Kodak's focus on the amateur market was convenience beginning with its first Brownie camera. In the 1960s, Kodak introduced the 126 drop-in plastic film cartridge, and not long after other manufacturers jumped into the game. Most were simple point-and-click cameras, but several camera makers went above and beyond what others offered. The German-made Rolleiflex SL26 is one of those cameras.
Featuring a lineup of three interchangeable lenses (actually, bayonet-mount front lens groups all based on the Tessar design), a sturdy metal body and easy match-needle metering, this is one of the better SLR designs for the 126 film format.
Compared with other SLRs, the Rolleiflex SL 26 is both small and boxy. The tip of the right-side film advance sits neatly above the viewfinder. The shutter button is where you expect it to be. There is no need to rewind the film, which made for a very clean top deck.
The film advance requires a very long throw and a moderate amount of force. But it has to advance the film, as well as tension the Synchro-Compur shutter. The camera, unlike other German cameras, has a rapid-return mirror.
Despite its small size, I found the camera very easy to use, and images snapped in and out of focus quite easily in the viewfinder, which is plenty bright. There is a central split image surrounded by a generously sized ground glass collar on a fine-grid fresnel screen. A true hot shoe makes it easy to use almost any flash unit.
A 625 mercury cell (now using a zinc-air battery) provides power for the cadmium-disulfide meter. The shutter is purely mechanical, so if the battery dies, you can continue shooting. Like most Synchro-Compurs, it offers an expansive range of speeds for a camera of this type running from 1/2 second to 1/500 plus B.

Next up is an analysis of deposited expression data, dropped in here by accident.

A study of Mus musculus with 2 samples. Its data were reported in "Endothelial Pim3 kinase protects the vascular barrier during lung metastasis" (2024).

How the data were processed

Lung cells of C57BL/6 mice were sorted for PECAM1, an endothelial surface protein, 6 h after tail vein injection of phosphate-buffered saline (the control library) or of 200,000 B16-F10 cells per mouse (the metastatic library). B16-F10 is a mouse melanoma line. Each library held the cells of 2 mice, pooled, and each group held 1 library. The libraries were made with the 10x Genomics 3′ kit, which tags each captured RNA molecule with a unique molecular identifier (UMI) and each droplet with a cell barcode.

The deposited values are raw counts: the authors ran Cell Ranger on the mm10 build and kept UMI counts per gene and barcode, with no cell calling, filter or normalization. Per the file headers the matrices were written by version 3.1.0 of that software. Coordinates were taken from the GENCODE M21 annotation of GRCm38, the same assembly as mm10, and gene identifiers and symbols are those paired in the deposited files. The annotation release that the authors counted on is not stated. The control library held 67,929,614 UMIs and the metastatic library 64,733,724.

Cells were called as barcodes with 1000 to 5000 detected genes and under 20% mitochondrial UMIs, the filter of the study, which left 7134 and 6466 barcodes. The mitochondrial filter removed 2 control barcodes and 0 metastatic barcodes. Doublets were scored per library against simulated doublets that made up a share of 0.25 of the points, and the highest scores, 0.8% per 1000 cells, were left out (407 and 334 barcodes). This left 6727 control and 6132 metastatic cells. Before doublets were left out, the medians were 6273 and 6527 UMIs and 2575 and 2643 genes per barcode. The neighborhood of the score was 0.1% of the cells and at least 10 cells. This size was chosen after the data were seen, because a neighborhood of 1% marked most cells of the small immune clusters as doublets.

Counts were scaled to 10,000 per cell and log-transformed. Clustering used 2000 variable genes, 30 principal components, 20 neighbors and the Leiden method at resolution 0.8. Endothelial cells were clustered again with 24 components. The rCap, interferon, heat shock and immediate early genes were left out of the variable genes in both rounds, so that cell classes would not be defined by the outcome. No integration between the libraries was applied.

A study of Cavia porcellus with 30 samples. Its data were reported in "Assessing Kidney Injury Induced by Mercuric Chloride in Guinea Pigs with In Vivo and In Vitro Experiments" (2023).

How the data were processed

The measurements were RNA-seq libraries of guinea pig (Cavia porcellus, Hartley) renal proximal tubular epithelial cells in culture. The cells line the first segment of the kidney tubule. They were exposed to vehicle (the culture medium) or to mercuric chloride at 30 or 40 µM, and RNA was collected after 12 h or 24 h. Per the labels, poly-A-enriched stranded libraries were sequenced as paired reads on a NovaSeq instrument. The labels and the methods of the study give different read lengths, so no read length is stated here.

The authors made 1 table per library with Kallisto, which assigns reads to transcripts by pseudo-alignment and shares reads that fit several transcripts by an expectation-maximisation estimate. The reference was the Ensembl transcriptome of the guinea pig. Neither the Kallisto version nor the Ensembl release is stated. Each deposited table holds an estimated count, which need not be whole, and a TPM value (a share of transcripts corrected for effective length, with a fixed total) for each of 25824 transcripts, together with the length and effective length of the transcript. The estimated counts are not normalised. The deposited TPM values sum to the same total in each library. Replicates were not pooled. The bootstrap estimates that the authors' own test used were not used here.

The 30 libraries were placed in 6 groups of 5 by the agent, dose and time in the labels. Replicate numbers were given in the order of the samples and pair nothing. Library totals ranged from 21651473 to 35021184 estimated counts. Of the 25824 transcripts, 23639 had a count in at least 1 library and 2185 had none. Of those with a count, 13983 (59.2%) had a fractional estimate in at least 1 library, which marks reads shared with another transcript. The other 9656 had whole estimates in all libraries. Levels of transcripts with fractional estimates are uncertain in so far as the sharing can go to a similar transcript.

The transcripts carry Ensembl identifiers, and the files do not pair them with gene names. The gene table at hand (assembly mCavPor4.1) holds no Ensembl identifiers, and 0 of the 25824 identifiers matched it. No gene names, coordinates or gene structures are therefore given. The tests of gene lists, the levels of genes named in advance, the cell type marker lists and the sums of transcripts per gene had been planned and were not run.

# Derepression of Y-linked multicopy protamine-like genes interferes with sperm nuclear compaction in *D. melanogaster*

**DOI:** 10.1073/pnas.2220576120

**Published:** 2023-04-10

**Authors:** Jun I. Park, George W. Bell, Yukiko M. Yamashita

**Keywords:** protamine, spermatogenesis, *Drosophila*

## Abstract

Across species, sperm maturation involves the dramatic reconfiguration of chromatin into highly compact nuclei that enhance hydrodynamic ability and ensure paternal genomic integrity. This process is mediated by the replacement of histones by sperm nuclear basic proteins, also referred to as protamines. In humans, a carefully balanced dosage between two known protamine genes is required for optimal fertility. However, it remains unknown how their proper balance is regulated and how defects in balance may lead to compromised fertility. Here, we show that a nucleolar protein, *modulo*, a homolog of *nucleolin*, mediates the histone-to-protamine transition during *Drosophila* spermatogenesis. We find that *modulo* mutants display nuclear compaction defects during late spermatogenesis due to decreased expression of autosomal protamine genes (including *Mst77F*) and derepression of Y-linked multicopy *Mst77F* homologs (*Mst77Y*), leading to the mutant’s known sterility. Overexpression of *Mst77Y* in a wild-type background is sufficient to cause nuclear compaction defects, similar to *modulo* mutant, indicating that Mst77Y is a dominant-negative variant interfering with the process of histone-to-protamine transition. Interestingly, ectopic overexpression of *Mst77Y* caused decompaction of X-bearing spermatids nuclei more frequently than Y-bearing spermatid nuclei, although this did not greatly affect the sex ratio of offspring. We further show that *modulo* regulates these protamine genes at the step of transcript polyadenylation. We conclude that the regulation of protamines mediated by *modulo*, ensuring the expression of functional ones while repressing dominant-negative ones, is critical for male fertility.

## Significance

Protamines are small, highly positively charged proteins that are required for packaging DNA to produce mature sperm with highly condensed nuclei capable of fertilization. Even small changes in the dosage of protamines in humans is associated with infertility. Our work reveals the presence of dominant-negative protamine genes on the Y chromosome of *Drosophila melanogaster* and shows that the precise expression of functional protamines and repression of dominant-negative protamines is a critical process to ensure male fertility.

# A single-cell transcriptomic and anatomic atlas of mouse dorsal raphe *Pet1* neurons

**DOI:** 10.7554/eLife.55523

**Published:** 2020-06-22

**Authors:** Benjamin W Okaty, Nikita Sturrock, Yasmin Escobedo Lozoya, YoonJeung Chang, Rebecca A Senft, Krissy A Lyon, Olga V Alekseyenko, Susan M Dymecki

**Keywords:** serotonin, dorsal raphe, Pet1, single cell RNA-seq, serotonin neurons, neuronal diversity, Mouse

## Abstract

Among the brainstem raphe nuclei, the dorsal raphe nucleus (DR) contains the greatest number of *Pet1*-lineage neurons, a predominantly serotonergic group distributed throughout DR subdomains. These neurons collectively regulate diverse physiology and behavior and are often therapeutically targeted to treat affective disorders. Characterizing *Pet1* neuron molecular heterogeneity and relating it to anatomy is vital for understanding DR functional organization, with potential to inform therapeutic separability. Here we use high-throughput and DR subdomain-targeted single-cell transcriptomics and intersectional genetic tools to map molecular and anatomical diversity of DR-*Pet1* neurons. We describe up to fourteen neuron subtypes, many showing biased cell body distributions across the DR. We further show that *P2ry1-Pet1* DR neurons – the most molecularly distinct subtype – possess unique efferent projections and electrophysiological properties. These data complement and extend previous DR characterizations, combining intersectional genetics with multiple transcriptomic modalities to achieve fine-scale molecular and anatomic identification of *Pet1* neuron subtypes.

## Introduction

The camera itself isn't particularly quiet. In fact, it's loud, considering that it uses a leaf shutter. In a prior disassembly, I know why. There is an incredible amount of machinery packed into a small camera that that allows for open-aperture match-needle metering and a rapid-return mirror -- all coupled to a leaf shutter. In fact, The SL26 does what most 35mm SLRs do but in a body that is half as wide.
In addition to the stock Tessar, there were two Pro-Tessar lenses: a 32mm wide angle and 85mm portrait lens. I have both and have used the 32mm. I was pleased with its performance.
A complete kit included the camera, UV filter, three Bay 1 Rolleinars (1,2 and 3), the 32mm and 80mm Pro-Tessars and two collapsible rubber lens shades for the standard Tessar and accessory lens elements with a 55mm-to-62mm step-up ring that allowed you to use the 62mm-thread hood on both accessory lenses. All of this could be kept in a special deluxe Rolleiflex-branded case. There also is the more common ever-ready field case; the top can be removed completely.
It's an excellent little camera, hampered only by the loose manufacturing tolerances of the 126 Instamatic cartridge, as well as the limited availability of 126 film and processing.